Last January I joined a pulmonologist from Cuba, a Malian physician, and a group of Malian medical students on rounds at the TB ward. I run a TB- and HIV-vaccine research lab at Brown and was visiting Point G to explore the possibility of collaborating with Malian TB and HIV specialists. Our team went up to the second floor, where the worst cases are kept, three to a room; outside, in the hall, family members camp on pallets. There I saw Pott's disease (TB of the spine, rarely seen in the United States); I saw miliary TB, in which the disease spreads rampantly throughout the body; and I saw a man so wasted from TB that his limbs were no larger than the iron legs of his bed, his knees like swollen knots of bone.
I saw a ten-year-old boy - the same age as my daughter - with Mycobacterium bovis, a form of TB acquired from unpasteurized milk. The infection had destroyed his hip joint. He was a herder of the Dogon tribe, whose herders all drink their animals' milk raw, unpasteurized. The boy's mother held him up so I could examine him. He could not stand because his hip was fused - it will always be like that, for there are no hip replacements in Bamako. She said, when I asked, that he was better. What is better? I wondered to myself.
I asked my fellow physicians how many of the TB patients had HIV infection. No one knew: 20, 30 percent. The test is seldom done because the patients must pay for it, and they have neither the money nor the desire to know. Why get tested for HIV if there is no available treatment?
At the AIDS Ward, located in the oldest building on the hospital grounds, I visited patients with Dr. Mintah, its director. I saw a woman bent double at the waist, like a hairpin, paralyzed in that position on her bed. She knew she was dying. She didn't look at us; she was too busy holding her pain. I saw a man just barely breathing, a bag of bones on a bed, and heard his story from his brother, a doctor, who was caring for him because there are so few nurses in the ward. The doctor said his brother was told "a long time ago" that he had AIDS but didn't want to believe it. I asked how long ago the man had learned he had AIDS, and the brother said two months. That brought me up short. Two months is a long time if you don't know that with the right daily-medication cocktail, HIV patients can live as long as their age-matched peers. Dr. Mintah hears about the new drugs, but they are simply not accessible to his patients. He showed me another patient, a young girl who'd been abandoned by her second husband (her first husband and a child had died of "unknown" causes, probably AIDS). Dr. Mintah believed the girl could live, so he was bringing her AIDS medications for which he had paid himself.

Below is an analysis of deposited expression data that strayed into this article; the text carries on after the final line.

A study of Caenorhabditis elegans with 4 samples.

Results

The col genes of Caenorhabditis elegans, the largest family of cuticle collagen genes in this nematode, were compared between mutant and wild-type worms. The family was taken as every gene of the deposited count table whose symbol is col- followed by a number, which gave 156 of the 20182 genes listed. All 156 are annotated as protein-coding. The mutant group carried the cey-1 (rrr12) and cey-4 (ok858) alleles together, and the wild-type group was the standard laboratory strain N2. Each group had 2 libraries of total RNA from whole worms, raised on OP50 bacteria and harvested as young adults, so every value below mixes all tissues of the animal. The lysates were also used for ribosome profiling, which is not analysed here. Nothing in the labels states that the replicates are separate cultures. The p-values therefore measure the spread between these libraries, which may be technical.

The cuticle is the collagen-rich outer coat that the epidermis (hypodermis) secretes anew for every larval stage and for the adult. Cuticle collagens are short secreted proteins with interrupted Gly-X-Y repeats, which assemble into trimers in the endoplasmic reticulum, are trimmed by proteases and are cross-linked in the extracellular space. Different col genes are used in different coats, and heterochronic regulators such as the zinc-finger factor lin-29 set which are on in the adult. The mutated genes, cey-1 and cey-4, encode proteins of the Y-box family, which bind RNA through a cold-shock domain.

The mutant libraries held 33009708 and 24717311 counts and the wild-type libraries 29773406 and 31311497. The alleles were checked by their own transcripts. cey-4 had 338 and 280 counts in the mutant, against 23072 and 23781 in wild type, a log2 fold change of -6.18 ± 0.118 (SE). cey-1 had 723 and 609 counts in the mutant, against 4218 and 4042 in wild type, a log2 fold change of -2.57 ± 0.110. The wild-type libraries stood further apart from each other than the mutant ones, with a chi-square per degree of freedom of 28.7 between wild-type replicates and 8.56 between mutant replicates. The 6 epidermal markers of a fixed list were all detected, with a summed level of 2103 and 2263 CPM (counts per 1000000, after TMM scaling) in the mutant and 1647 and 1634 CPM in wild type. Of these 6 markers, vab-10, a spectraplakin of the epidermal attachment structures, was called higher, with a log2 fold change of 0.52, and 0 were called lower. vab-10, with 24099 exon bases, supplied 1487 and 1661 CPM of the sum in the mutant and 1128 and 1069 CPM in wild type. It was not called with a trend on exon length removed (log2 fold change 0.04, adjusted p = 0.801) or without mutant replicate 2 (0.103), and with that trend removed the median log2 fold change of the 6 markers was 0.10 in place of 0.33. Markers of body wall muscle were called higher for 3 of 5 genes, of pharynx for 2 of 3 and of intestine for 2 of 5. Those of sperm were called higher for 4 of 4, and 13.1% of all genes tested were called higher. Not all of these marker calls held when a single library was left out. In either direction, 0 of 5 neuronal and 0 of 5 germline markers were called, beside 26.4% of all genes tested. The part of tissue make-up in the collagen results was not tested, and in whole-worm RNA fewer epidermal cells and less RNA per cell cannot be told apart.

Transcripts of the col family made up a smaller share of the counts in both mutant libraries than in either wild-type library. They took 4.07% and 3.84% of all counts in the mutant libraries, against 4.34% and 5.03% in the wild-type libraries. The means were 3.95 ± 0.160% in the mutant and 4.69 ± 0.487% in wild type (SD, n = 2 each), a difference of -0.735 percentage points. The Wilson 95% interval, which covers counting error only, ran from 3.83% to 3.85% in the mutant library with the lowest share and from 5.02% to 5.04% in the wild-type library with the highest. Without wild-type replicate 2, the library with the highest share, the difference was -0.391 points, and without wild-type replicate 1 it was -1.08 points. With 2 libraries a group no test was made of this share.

That same week in January I attended an evening reception at the U.S. ambassador's house. There was ample food, drink, and laughter, on a lawn as thick and green as a carpet - a cushion of comfort between ourselves, the ambassador's invited guests, and the reality of Point G. Standing there, I felt as if I had descended to the last circle of hell and returned to drink a Coca-Cola with the visiting president of the University of Michigan, who was there to talk about food aid and agricultural support. There was a problem with his plan, I thought: what will happen to the farms when the farmers have died from AIDS?
There is more to Mali, and to Africa, than AIDS and TB. Despite AIDS, despite the lack of access to curative drugs and preventive vaccines, life in Mali is vibrant. I was happy to be there last January. But my visit to Bamako was sobering, a stark reminder of how important it is for researchers - my small group at Brown and those elsewhere - to develop vaccines as quickly as we can. Mali is one small corner of a vast continent full of AIDS and TB, and the enormity of the problem can seem overwhelming. But if we don't begin somewhere, we will never begin.
Assistant Professor of Community Health Annie De Groot is an infectious-disease specialist who works on HIV and TB vaccines.